I want to start by saying I am fully aware of all the caveats about running Caddy in production. But I like the principles and execution of Caddy and want to try on two low traffic sites.
That said, I am hosting about 5 domains (counting .host.com, www.host.com, etc).
If one of those domains fails, the whole server doesn’t start up, so all my sites go down. This seems to be a pretty serious design flaw.
Shouldn’t only the domain that failed, not be hosted? Why should all the other domains (including ones with valid certs) fail to host and the whole server crash?
This isn’t an issue of a config parse error, just a TLS verification error (because my new domain hasn’t propagated yet).
This is a common misunderstanding. When Caddy is starting, there are no sites to take down, because Caddy was not running before. If you stopped the server before, then you took the sites down yourself. On the other hand, if you use signal USR1 to reload an updated Caddyfile while Caddy is running, Caddy will not stop serving the old sites if a new one fails to come online.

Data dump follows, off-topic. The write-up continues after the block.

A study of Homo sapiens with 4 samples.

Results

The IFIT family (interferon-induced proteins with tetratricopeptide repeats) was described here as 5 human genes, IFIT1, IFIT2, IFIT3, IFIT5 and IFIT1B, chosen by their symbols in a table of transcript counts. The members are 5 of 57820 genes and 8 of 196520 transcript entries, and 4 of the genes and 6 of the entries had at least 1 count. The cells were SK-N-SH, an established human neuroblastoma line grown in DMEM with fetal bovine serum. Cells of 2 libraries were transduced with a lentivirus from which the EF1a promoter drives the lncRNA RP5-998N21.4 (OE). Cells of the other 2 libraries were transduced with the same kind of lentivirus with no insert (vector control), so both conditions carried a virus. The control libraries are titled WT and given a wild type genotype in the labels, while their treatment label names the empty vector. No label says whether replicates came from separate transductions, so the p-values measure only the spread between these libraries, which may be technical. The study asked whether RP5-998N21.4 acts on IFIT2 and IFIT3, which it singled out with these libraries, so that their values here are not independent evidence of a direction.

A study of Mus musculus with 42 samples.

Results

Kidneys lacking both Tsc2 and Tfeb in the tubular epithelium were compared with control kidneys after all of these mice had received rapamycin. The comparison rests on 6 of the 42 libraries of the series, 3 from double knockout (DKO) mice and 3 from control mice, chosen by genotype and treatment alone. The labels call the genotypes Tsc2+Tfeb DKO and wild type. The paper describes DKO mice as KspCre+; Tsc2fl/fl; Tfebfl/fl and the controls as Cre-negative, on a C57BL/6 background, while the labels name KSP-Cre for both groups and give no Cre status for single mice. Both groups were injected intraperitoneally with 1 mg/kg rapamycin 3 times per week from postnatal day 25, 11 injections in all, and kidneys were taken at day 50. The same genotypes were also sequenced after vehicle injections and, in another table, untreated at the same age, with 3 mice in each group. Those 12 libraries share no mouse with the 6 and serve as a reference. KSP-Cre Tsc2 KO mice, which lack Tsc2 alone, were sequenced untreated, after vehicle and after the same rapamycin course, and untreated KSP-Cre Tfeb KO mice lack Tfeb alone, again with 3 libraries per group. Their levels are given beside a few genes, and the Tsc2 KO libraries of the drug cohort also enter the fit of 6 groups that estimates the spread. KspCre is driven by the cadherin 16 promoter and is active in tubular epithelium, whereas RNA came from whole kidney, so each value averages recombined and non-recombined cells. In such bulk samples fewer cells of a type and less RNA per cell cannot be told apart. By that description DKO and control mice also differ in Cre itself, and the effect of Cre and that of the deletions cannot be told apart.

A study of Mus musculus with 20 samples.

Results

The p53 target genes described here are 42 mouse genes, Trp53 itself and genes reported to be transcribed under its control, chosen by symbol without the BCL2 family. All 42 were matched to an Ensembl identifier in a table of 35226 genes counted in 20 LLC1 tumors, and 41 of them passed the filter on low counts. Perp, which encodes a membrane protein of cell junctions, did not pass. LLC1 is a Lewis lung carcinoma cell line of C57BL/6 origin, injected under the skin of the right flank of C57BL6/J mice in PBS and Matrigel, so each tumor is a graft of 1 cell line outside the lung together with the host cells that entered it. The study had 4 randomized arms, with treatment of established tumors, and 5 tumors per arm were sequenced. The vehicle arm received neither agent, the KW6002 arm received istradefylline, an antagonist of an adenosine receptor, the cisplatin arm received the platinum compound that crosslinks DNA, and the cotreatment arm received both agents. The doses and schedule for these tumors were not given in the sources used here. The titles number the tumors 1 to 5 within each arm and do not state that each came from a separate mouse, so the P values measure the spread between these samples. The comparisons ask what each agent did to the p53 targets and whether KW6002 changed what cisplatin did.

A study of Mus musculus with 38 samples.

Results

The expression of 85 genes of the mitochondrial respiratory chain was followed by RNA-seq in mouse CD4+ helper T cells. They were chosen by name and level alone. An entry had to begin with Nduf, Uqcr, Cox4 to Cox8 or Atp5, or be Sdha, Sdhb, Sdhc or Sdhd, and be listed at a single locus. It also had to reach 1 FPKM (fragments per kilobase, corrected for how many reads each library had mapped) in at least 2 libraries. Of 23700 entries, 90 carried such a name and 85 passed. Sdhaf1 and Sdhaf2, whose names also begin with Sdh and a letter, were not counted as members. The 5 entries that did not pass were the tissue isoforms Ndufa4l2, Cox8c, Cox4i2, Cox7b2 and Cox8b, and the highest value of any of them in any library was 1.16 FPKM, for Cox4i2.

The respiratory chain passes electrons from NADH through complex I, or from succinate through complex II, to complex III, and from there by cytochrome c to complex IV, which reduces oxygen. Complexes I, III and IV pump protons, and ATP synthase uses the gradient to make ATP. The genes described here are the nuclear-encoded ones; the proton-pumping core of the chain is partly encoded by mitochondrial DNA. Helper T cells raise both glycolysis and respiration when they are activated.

Additionally, this is the same as other web servers like nginx. If it can’t resolve the domain you tell it to bind to, it can’t start. Definitely not a design flaw.
Once your DNS has been configured correctly, you can use Caddy (or other web servers) to serve your site.
Ah yes you’re right – I actually do
systemctl restart caddy. I’ll start to do the USR1 to reload. (I’m used to doing
service reload nginx and didn’t find a similar for the caddy systemd file… is there an easy way to do that using systemd?
I dunno actually; I don’t use systemd (nor am I familiar with it at all) – but there are some people here who use it all the time and can help you better. I’ll wait for someone else to answer.
This was my mistake – I just looked through the systemd file in examples and there is an
ExecReload directive. So I AM able to say
systemctl reload caddy – my apologies, needed to RTFM a bit. Leaving this answer here in case anyone else hits the same issue.